Electricity production per capita in world regions

Electricity production per capita in world regions

Trends in electricity generation from different energy sources globally and in major world regions between 2000 and 2019. The amount of electricity produced is expressed in kWh per capita per year.

How to read this graph

  • The graph shows the worldwide development of electricity produced per person by individual sources in the years 2000-2019, as well as a comparison of selected world regions. Values are given in kWh of electricity produced per person per year.
  • All graphs have the same vertical axis, so for regions with low average consumption per person, the filled part occupies only a minimal portion of the graph.
  • However, the per capita comparison does not account for the different sizes of the regions, so the right column completes the regions’ share of total global electricity generation in 2019. The supplementary infographic, Electricity generation in world regions, compares regions in terms of total electricity generation.

Comments on the graph

  • Electricity production per person in the Czech Republic in 2019 was 8,066 kWh, significantly higher than the averages in the regions shown, except for the USA. The Czech Republic is also a significant exporter of electricity, so the average electricity consumption per person was lower, at 6,891 kWh. Even this value is more than double the world average.
  • Globally, electricity production increased by 75% between 2000 and 2019, while at the same time, the global population has grown by 1.6 billion people. In per capita terms, electricity generation increased by 39%, and in absolute terms, there was an increase in electricity production by all electricity generation sources except in the nuclear sector. The share of coal in electricity production fell slightly (from 37.9% to 35.2%), and the percentage of nuclear power fell even more significantly (from 16.9% to 10.5%). In contrast, there was an increase in the share of natural gas (from 18.2 % to 23.5%) and renewable sources (from 19.5% to 27.3% due to the development of wind and solar power plants).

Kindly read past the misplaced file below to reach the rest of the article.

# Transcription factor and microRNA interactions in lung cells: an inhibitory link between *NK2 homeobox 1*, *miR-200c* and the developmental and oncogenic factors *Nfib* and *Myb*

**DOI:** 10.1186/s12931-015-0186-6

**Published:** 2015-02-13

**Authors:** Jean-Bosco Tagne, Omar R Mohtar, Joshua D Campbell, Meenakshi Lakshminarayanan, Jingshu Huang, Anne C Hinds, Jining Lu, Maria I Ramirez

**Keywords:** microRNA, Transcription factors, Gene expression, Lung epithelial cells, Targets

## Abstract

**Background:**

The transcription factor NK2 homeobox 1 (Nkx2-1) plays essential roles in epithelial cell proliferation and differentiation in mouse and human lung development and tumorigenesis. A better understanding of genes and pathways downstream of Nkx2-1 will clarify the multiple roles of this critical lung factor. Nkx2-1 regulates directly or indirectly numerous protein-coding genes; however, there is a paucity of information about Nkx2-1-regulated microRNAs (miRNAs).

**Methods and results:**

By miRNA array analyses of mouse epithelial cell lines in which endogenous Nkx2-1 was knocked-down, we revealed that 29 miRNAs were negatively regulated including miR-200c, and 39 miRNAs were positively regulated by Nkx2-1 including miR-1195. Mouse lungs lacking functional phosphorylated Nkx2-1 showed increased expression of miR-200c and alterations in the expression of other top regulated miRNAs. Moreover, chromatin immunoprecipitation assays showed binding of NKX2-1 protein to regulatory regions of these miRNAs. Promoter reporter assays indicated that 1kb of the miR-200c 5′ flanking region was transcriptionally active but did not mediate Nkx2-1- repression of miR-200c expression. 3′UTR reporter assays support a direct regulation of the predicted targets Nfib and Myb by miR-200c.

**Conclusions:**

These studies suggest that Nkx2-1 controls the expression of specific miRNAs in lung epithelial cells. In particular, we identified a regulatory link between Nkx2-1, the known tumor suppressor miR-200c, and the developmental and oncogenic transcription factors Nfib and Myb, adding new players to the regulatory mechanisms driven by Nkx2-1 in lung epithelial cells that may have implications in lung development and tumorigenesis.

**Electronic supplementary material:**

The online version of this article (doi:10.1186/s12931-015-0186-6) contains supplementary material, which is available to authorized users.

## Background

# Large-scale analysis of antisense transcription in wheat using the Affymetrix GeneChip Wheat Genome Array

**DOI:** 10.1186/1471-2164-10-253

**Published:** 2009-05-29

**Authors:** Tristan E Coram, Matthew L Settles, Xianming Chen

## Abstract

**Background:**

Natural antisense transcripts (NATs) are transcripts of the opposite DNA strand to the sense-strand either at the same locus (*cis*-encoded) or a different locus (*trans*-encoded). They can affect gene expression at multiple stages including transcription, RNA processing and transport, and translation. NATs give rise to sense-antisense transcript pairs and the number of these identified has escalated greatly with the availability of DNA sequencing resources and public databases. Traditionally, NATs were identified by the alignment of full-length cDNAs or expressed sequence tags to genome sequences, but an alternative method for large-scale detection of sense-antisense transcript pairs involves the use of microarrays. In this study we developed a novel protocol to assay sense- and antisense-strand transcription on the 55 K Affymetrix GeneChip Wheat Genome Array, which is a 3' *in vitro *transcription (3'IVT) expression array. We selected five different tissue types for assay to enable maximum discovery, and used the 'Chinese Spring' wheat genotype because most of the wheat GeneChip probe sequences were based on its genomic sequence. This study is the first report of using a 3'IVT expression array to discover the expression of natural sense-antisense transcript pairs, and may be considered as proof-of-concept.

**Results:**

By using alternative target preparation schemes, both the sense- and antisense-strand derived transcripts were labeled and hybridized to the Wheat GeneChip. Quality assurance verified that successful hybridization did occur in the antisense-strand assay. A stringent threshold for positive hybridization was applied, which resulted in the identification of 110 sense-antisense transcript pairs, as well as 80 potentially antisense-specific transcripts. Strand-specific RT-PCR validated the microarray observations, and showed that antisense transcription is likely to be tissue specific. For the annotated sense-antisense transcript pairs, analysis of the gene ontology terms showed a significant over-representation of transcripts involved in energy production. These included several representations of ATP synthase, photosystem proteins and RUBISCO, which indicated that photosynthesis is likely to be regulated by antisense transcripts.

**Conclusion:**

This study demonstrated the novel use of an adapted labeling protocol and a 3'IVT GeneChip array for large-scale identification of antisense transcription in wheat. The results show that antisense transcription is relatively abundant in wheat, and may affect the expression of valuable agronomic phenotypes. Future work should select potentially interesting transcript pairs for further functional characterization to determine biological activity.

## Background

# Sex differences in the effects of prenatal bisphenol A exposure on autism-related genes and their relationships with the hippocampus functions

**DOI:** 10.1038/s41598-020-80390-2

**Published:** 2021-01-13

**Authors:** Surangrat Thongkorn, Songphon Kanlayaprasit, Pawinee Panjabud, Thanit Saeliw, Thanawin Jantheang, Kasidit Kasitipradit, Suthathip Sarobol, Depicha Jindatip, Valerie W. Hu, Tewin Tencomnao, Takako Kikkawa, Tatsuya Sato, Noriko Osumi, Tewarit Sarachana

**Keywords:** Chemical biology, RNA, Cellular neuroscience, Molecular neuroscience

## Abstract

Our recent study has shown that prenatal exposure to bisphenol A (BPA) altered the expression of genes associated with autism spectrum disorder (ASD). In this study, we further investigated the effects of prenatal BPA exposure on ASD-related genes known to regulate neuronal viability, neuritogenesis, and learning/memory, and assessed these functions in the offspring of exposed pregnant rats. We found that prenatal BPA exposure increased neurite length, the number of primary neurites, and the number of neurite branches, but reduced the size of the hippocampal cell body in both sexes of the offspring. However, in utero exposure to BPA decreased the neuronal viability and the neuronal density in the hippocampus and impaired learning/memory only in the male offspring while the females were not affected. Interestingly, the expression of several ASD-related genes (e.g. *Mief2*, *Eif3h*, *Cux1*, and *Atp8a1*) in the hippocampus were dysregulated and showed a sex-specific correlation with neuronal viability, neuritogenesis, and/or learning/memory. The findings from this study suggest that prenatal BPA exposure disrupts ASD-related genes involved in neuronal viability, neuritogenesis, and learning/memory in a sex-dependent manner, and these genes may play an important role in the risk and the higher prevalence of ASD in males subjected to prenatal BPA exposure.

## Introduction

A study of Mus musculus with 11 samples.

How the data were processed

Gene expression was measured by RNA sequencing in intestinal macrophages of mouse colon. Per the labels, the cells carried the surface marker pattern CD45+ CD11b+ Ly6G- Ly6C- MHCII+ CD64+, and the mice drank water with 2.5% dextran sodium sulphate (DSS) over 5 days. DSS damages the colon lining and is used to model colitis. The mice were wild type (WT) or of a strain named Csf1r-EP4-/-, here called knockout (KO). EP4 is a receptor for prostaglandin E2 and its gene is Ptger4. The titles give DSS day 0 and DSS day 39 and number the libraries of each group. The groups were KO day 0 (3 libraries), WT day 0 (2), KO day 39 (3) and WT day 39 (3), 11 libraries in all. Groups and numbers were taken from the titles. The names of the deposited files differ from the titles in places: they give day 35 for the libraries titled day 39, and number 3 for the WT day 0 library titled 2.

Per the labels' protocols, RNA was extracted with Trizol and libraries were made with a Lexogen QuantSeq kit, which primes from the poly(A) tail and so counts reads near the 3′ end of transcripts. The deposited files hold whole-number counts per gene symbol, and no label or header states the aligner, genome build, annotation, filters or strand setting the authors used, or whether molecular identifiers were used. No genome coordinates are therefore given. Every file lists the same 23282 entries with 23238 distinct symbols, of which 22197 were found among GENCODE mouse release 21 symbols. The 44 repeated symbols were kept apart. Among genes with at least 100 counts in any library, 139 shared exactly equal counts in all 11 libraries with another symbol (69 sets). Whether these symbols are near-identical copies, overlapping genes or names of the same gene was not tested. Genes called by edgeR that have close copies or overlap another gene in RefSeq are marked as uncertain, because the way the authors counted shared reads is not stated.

• Trends of individual regions observed from the graph:
    • In the European Union, electricity consumption is virtually unchanged per capita, but there is a significant substitution of coal for renewables in electricity generation.
    • Electricity consumption per person in the USA has fallen slightly but is still many times higher than the world average. Since 2007, there has been a decrease in the share of coal in electricity production, which is, however, being replaced mainly by natural gas, as well as partly by renewable sources.
    • In China, the per capita electricity consumption increased fivefold between 2000 and 2019, with average consumption already at 82% of the European Union average. There has been an increase in the capacity of all sources of electricity generation, yet coal is still the dominant source in China, with a 62% share. On a per capita basis, China generated 3,180 kWh from coal in 2019, which is the most of the regions shown. By comparison, the Czech Republic produced 3,439 kWh per person from coal in the same year.
    • India has more than doubled its per capita electricity generation over this period, but this production is still less than a third of the global average. Coal is still the dominant source of electricity generation, with a 72% share, while other sources are also gradually developing.
    • The Rest of the World represents a very diverse group, where electricity production per person in some countries exceeds the USA (i.e., in Canada or the oil countries of the Middle East). In contrast, in many other countries, it is lower than in India (usually in African and some Asian countries).
  • The chart shows the electricity produced in each region, not consumed. For example, in the case of the Czech Republic, net exports make up almost 15% of the electricity produced. However, for the prominent regions in the graph, imports and exports are practically negligible: below 1% for all regions.
  • Electricity represents only a fraction of total energy consumption; for example, most energy used for transport or heating is not included in the graph (as it is direct fossil fuel combustion, not electricity).
  • The chart does not include other renewable sources with a marginal share of production (e.g. geothermal energy), accounting for 0.4% of electricity production worldwide.

Data sources

  • The base for the infographic is data from the Ember organization (formerly known as Sandbag). It is an independent climate think-tank focused on supporting the transition from coal to clean sources of electricity.
  • Ember relies primarily on Eurostat data for the European Union, national databases for the US, China, India and other major countries, and the US Department of Energy’s International Data Section for the rest of the world.
  • One of the main activities of the Ember think tank is the publication of reports on electricity production in the European Union. In 2020, it also published a report on global electricity production. The infographic’s base is the dataset attached to this report.
  • The infographic uses population data from the United Nations.